Nootropics and the 21st Century Student


This article is exclusive to the Online Edition 7 of VARSITY News.

 

Nootropics definitely aren’t something new but they are becoming more and more widely used in our society. To put it simply, nootropics are drugs, supplements and other substances that may improve cognitive function. Particularly with regards to executive functions, memory, creativity or motivation.

 

They can range from something as simple as ginko biloba and fish oils, all the way up to the stronger drugs such as Concerta or Ritalin.  I think most students can admit to finding themselves in deep academic waters and relying on some form of Ritalin just to get through the work and finish that one assignment or the content for the test. Now, I’m not saying this is the worst thing, but there are probably some side effects that you didn’t consider when your friend gave you one.

 

Ritalin and Concerta can be widely beneficial for those who need it but it may have adverse effects for those who just need it to get through a tough academic week. Some common side effects include insomnia and other sleep disturbances, a fast heart rate, loss of appetite, high blood pressure and trouble with vision and the most extreme risk factor is that of a stroke. A major cause for concern for those who have not been placed on these medications by a health professional, is the development of addiction. People may end up highly dependent on these drugs and unable to manage their workloads without it. This coupled with the fact that some students will take these irregularly or only when their workload is an unmanageable also places them at higher risk of struggling with concentration thereafter.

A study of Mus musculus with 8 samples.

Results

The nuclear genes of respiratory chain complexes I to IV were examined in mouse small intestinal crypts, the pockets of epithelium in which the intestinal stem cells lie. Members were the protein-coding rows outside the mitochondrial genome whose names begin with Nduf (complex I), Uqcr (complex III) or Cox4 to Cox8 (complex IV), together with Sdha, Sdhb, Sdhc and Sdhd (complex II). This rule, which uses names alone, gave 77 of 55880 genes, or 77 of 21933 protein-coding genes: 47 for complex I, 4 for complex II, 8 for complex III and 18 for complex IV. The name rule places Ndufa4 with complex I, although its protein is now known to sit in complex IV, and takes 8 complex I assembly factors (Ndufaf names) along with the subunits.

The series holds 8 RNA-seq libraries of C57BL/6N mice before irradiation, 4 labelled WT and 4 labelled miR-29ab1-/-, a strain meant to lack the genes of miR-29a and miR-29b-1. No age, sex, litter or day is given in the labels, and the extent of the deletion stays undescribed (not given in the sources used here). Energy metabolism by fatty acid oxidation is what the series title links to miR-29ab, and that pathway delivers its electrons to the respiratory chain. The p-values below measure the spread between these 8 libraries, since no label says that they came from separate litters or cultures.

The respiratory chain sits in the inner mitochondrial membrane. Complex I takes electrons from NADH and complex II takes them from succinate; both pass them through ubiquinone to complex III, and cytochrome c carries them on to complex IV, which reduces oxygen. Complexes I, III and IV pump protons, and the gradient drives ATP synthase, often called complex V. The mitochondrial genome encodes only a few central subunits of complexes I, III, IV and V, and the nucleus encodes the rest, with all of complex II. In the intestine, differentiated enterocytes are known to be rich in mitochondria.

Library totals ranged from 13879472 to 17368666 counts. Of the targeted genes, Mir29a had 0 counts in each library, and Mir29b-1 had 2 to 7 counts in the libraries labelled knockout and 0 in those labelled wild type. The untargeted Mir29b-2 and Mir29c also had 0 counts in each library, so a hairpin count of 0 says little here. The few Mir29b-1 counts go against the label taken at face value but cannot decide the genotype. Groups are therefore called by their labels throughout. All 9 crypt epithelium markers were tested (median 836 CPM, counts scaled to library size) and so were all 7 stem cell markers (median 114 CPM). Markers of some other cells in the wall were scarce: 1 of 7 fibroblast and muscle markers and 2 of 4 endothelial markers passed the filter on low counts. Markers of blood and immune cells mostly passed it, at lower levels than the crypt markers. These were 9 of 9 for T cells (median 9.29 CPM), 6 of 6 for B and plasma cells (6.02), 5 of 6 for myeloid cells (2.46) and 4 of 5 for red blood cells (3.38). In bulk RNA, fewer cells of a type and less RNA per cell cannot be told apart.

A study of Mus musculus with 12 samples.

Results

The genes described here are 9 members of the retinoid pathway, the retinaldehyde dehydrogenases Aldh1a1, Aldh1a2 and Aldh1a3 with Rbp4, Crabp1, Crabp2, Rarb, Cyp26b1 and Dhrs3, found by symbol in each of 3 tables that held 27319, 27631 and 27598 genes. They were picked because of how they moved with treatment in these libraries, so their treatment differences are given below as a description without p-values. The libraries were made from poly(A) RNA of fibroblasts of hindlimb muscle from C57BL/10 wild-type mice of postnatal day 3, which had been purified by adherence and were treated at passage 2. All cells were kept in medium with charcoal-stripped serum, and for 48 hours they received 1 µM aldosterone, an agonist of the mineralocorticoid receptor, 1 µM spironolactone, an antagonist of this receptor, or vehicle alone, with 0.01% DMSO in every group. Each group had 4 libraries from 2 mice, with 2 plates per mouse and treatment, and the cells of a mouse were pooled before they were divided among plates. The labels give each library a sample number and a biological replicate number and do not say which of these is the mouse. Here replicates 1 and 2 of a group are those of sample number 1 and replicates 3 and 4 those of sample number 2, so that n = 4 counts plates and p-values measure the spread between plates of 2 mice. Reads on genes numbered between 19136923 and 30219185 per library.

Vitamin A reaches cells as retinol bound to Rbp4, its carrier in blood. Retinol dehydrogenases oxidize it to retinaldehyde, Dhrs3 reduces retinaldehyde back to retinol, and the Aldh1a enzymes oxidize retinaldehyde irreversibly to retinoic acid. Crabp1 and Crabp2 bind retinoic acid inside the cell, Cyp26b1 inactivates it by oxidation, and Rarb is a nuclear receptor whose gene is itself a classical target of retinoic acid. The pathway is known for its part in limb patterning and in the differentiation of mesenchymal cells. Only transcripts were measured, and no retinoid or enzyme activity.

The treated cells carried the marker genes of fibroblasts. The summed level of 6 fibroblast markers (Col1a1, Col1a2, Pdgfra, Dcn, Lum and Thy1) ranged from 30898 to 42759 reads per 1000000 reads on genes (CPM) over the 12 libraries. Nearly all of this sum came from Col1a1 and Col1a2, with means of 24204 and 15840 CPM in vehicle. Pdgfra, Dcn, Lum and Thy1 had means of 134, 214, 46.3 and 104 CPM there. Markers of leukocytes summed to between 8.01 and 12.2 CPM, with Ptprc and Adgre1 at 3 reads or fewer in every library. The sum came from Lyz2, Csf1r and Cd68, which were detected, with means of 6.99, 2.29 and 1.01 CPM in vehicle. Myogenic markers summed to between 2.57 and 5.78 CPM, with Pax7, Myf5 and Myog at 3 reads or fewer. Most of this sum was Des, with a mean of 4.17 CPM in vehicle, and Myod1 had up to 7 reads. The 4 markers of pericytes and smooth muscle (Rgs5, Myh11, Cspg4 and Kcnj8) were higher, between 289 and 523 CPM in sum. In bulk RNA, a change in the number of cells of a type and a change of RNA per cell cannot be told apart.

On the other hand, I know a lot of people aren’t able to get the diagnosis they need due to a variety of reasons such as access and affordability. Many people of colour find it hard to tell their parents or guardians that they’re struggling to concentrate for fear of being called lazy or as ADD and other concentration disorders are often wrongly labelled as a ‘white people’s thing’. So many people spend a large portion of their lives thinking they just aren’t academically inclined or labelled as ‘disruptive in class’ only to find that they just needed some extra help.

 

An emphasis should be placed on less harmful alternatives which can enhance study performance as well as a long-term plan between the healthcare provider and patient on how to control the chronic condition these prescription drugs are used to treat. Cognitive Behavioural therapy and alteration in diet are also an effective tool which can be used to optimise your grades. High levels of sucrose in your diet has been linked to ADHD and difficulty concentrating, so maybe try switching high sugar foods with healthier alternatives.

 

I’m not suggesting that one shouldn’t use these drugs to help them with their academics as these medications can allow those who need them to concentrate, focus on the work at hand and give confidence needed to realise that they deserve to hold a space in academic rooms.

 

However, it is important to consider the side effects first and consult with your doctor if you are taking them, especially as some of the drug interactions can be fatal.